CN Rail Boosts Profit Goal as Trains Speed Up Under New CEO
(Bloomberg) -- Less than five months into the job, Canadian National Railway Co.’s new boss is making good on a pledge to speed up service and improve the carrier’s performance.
Trains moved more swiftly in the second quarter than in the first, and spent less time idling in rail yards, Canadian National said as it reported earnings after the close of trading Tuesday. The company raised its 2018 profit forecast, citing a “swift network recovery” after stumbles that began in the second half of last year.
The results are a testament to the railroad’s progress under Chief Executive Officer Jean-Jacques Ruest, who was named to the post Tuesday after being promoted in March on an interim basis. Ruest replaced Luc Jobin, who was ousted after the railroad failed to accommodate a surge in freight traffic that started in the second half of 2017. Ruest will serve on the board of the Montreal-based company.
“It’s impressive they were able to get their costs in line quickly and get things moving forward as well as they have,” Dan Sherman, an analyst at Edward Jones & Co., said in a telephone interview. “Now they have to finish the projects and unclog the network. They have to do better in the third quarter and again in the fourth.”
Canadian National also boosted its 2018 capital investing program for the second time this year to a record C$3.5 billion ($2.7 billion) to fix bottlenecks by adding staff, tracks, sidings and locomotives. The C$100 million in additional investment will go mainly toward the purchase of new rail cars, the company said.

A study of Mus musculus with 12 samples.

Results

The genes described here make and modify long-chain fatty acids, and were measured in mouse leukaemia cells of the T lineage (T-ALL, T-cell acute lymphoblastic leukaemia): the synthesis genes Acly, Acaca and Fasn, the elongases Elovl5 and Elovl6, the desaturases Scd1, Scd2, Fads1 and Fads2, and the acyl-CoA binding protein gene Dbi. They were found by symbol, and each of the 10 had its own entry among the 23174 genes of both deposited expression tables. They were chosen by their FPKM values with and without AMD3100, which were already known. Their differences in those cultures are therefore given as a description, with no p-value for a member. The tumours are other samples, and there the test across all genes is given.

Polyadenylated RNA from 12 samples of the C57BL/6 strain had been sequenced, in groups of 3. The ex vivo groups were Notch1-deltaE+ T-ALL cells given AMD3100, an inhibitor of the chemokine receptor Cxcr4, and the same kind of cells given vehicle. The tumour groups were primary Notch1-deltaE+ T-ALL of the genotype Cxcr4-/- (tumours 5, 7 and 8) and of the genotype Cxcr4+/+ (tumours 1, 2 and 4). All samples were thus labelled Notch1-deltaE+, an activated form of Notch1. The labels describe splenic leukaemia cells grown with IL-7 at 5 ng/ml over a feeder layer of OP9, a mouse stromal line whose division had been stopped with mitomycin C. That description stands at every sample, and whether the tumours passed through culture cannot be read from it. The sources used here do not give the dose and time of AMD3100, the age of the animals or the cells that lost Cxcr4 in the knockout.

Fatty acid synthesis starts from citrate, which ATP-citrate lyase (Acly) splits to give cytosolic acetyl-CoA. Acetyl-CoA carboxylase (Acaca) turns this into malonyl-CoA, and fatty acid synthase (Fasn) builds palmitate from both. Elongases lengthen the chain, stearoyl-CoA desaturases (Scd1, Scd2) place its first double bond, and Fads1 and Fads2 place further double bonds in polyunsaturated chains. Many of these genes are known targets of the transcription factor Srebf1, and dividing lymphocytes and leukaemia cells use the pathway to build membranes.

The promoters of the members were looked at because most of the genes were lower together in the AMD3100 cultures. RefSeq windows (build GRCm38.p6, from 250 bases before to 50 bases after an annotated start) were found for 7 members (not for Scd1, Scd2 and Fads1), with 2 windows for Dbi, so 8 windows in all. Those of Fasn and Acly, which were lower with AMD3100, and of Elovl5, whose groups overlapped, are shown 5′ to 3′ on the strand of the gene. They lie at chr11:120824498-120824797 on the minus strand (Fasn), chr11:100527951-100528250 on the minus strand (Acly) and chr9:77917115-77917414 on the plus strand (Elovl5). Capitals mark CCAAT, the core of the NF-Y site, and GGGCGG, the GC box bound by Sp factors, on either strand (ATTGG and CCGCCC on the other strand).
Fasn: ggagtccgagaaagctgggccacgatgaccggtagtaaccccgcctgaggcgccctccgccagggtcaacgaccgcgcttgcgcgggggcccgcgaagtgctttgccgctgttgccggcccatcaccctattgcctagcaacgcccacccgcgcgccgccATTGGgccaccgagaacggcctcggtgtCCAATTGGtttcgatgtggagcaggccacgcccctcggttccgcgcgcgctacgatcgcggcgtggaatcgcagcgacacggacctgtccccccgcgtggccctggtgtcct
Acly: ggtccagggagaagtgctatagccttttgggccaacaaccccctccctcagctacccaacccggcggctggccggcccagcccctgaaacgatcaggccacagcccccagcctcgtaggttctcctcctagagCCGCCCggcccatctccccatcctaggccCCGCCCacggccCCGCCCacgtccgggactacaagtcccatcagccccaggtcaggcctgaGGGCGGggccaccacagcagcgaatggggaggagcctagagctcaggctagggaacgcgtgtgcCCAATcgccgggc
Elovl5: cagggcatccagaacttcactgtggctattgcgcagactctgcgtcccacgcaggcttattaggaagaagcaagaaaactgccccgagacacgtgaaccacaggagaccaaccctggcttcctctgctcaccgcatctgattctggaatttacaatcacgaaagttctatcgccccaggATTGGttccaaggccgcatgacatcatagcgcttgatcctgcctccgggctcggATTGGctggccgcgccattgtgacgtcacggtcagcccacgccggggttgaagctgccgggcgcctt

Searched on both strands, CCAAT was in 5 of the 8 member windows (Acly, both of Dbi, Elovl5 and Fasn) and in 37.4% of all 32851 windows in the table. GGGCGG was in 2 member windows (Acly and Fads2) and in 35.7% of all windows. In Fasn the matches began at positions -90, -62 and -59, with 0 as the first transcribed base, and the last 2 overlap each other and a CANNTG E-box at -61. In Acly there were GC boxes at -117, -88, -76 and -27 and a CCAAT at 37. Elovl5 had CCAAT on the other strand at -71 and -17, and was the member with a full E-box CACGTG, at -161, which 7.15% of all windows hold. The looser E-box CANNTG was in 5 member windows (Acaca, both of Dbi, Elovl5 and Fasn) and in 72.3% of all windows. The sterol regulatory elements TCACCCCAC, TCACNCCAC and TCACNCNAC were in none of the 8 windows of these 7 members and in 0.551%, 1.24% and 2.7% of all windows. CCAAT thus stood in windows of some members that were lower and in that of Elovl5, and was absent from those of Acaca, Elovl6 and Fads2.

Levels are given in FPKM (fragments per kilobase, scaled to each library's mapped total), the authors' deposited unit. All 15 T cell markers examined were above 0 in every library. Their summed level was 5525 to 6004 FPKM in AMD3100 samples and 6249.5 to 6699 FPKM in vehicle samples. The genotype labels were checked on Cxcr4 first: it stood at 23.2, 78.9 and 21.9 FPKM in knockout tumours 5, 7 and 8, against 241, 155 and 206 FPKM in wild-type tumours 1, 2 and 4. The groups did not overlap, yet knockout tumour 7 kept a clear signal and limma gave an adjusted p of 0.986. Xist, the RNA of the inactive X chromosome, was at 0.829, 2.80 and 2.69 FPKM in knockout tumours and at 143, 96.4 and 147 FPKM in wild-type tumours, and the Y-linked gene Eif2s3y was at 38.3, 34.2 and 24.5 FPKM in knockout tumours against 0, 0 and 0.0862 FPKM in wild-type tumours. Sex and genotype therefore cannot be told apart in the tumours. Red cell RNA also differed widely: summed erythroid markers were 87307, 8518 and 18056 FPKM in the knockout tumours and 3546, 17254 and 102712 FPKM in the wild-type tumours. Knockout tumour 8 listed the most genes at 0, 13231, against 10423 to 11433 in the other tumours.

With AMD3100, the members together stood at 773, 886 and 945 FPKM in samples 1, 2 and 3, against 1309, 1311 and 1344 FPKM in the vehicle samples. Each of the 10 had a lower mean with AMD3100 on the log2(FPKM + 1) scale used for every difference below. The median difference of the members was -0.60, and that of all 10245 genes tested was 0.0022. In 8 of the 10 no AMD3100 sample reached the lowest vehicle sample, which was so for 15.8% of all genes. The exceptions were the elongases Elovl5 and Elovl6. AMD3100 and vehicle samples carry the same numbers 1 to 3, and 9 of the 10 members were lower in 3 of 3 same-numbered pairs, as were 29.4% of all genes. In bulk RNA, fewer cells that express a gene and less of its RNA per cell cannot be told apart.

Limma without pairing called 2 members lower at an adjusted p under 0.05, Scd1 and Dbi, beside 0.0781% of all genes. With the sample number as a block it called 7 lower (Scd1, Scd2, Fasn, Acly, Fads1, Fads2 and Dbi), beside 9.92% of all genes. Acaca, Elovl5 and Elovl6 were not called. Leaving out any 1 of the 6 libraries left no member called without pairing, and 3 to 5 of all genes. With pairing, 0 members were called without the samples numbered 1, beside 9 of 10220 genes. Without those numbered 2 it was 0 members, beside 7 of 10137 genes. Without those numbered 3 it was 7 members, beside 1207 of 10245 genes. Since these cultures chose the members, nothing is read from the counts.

Canadian National now aims to deliver 2018 adjusted per-share profit of C$5.30 to C$5.45, compared with last year’s C$4.99. The company had lowered the range in April.
Shares fell 0.5 percent to C$112 at the close of trading in Toronto. Through Tuesday, the stock had gained 8.1 percent this year, topping the 1.1 percent return of the S&P/TSX Composite Index.
Adjusted profit climbed to C$1.51 a share in the second quarter, compared with the C$1.38 average of analysts’ estimates compiled by Bloomberg. Sales increased to C$3.63 billion, topping the C$3.57 billion expected by analysts.
Canadian National handled the biggest workload in its history during the quarter, Chief Operating Officer Mike Cory said on a conference call with analysts. Gains in commodities such as petroleum, chemicals, grain and fertilizers fueled the revenue increase.
“Our railroaders are energized,” Ruest said on the call. “We are ahead of our turnaround plan, and we expect progressive improvements during the second half. We have a strong pipeline of growth opportunities.”
Pricing climbed by an average of 4 percent in the second quarter, while pricing on expiring contracts that were renewed in the last 90 days increased 4.4 percent, Ruest added.
Operating ratio, a key industry gauge of efficiency in which a smaller number is better, deteriorated 0.7 percentage point to 58.2 percent in the quarter compared to a year earlier. Smaller rival Canadian Pacific Railway Ltd. reported a ratio of 64.2 percent for the period last week.